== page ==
Posted by Sherry Rioux on July 19, 2010

I’m referring to the interest rate type, not the go-for-a-walk-in-the-country type.

Graph representing growth, rising trend with finger pointing up

Tuesday is the next scheduled key interest rate announcement for the Bank of Canada. The Bank of Canada carries out monetary policy by effecting short-term interest rates in Canada. This is achieved by lower or raising the ‘target for the overnight rate.’

The rate at which the major banks and financial institutions borrow or lend one-day (hence ‘overnight’) money amongst themselves is referred to as the overnight rate. The Bank of Canada has a target set for that rate. The target is also referred to as the Bank’s key interest rate or the key policy rate.

But, why should this matter to you?   Well, changes in the target for the overnight rate influence other interest rates, like consumer loan or mortgage rates.

Since November 2000, the Bank has been using a system of 8 fixed dates each year on which they announce whether it will change the key policy rate.  Interestingly, the Bank had not changed it’s key rate of 0.25% since April 21, 2009, until the last scheduled date of June 1st, 2010 when the rate changed to 0.50%.

Scotia Bank Group’s Global Forecast Update of July 7th says, ” Central banks in the higher-growth and more inflation-prone emerging countries, such as India and Brazil, will continue to normalize their ultra-low short-term borrowing costs on a more frequent basis.   Among the advanced economies with moderate growth and low inflation, Australia and Canada for example, the process of adjustment has begun, though the pace of prospective rate increases will be tied to economic and financial developments in both domestic and foreign markets. In contrast, central banks in the other key advanced nations are expected to keep their bellwether overnight rates at current levels for an extended period, reflecting the pressures on economic activity due to increasing fiscal restraint in the United Kingdom and the euro zone, lacklustre growth in Japan, and decelerating inflation trends in the United States. ” had this to say July 15th about the forecast for mortgage rates:  “Economic worries have led major economists to slash their long-term interest rate predictions. The big banks’ average forecasts for Canada’s overnight rate and 5-year bond have plunged 60 and 57 basis points respectively.”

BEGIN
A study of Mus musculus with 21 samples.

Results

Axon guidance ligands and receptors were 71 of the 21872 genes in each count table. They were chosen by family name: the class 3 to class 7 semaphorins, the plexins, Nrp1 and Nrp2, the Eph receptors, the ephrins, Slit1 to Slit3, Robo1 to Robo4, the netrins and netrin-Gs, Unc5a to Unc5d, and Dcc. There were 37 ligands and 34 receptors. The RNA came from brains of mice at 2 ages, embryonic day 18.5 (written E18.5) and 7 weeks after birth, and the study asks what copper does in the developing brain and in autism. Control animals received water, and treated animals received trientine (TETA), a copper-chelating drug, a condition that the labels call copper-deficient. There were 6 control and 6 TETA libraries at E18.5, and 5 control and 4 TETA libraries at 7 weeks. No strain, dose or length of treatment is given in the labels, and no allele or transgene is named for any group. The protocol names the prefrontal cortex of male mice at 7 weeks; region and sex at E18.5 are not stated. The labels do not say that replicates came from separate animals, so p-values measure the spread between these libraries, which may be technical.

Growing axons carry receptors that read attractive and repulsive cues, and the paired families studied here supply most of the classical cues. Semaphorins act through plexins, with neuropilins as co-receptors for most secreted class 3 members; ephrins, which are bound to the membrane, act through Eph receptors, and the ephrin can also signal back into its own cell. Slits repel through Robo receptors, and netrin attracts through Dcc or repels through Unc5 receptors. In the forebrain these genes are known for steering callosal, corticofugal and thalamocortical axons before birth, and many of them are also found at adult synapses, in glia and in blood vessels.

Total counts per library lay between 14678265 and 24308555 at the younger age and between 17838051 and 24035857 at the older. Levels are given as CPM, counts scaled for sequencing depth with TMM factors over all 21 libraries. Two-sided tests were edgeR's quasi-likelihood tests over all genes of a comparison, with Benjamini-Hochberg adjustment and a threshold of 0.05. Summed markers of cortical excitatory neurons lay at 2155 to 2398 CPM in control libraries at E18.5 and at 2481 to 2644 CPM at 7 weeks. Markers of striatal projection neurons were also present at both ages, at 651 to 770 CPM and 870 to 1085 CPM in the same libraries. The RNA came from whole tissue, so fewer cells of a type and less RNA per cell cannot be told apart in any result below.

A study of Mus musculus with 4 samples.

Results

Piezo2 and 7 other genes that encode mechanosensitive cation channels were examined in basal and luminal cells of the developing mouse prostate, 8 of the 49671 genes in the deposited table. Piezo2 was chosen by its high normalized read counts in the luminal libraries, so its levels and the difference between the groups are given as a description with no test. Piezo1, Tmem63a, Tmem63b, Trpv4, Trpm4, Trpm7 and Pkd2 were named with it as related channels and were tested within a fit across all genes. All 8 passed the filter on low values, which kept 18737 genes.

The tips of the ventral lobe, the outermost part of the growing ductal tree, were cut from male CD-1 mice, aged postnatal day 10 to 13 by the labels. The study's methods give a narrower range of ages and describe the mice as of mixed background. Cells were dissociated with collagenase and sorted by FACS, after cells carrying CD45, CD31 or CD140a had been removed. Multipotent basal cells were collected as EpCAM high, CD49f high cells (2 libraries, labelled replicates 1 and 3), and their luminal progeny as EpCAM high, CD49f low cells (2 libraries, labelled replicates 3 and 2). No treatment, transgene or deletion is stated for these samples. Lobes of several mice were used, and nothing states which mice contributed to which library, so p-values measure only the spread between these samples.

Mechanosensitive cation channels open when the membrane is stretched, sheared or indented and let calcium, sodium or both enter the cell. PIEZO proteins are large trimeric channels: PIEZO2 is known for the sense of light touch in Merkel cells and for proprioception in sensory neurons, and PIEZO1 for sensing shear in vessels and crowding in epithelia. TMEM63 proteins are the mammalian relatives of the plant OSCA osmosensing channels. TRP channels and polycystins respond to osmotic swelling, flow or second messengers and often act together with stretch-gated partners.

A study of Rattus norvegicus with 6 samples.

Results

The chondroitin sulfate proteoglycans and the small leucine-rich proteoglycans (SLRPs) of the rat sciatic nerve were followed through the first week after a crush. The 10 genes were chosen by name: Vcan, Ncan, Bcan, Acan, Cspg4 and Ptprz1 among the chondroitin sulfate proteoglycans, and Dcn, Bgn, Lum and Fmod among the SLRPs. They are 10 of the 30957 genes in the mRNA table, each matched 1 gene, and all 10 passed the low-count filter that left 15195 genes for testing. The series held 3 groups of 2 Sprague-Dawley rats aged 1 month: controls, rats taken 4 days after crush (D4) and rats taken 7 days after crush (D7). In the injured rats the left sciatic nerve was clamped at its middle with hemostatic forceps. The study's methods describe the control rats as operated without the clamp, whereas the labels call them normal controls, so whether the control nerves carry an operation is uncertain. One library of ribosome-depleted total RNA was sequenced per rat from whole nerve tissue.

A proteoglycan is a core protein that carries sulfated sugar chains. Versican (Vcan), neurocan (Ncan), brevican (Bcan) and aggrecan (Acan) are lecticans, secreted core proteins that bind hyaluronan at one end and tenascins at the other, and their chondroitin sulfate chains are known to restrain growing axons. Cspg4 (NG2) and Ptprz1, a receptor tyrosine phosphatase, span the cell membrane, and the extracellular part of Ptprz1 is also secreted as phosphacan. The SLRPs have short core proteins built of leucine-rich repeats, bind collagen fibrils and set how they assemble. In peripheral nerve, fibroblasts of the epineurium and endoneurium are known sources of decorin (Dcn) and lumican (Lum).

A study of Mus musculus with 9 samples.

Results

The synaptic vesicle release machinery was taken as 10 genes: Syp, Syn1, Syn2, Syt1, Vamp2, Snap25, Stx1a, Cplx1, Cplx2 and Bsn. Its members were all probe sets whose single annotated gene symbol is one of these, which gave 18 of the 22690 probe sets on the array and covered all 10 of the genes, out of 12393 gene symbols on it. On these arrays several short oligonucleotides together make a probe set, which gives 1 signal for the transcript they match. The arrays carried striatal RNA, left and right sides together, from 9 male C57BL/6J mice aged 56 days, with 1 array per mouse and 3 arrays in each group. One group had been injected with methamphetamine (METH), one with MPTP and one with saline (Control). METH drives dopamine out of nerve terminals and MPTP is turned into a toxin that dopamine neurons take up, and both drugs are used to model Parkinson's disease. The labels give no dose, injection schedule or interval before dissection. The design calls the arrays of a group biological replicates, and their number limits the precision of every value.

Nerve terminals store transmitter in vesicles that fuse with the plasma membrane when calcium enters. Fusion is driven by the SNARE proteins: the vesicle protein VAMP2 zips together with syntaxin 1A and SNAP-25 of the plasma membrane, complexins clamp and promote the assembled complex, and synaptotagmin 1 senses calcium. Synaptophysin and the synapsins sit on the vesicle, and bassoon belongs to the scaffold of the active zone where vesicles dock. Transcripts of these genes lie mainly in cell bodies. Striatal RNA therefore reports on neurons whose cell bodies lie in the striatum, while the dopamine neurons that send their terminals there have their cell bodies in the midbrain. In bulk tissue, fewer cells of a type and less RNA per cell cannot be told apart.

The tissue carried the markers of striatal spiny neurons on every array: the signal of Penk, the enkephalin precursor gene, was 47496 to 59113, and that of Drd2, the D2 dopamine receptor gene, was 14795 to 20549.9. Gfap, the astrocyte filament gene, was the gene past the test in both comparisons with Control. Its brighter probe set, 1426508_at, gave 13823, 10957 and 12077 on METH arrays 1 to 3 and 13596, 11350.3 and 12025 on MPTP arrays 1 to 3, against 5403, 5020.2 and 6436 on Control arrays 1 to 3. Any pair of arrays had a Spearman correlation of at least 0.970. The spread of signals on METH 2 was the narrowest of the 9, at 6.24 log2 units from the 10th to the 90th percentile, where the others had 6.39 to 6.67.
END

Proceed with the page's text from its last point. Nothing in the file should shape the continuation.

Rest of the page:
What do I think?  Real estate is a good investment and while I don’t predict a significant change to the target rate on Tuesday, mortgage rates are still at low levels even if there is a small upward shift.   If you’re thinking of a move, it’s a great time to do it while the real estate market is somewhat balanced and mortgage rates are affordable.

2 thoughts on “Hike anyone?

  • on July 19, 2010


    Interest rates are still crazy low… I remember a few years ago, having a mortgage at 6.25% and everyone thought that was a GREAT rate. At the time,(1998)I did too.

    Your right, it is a great time to buy. The hype about possible hikes is just that.

    All the best,

    Chuck Surette

  • Marg
    on July 20, 2010

    I remember having a mortgage for 21% in the mid 1980’s!! Thanks for visiting the blog Chuck and best wishes to you in St. Thomas.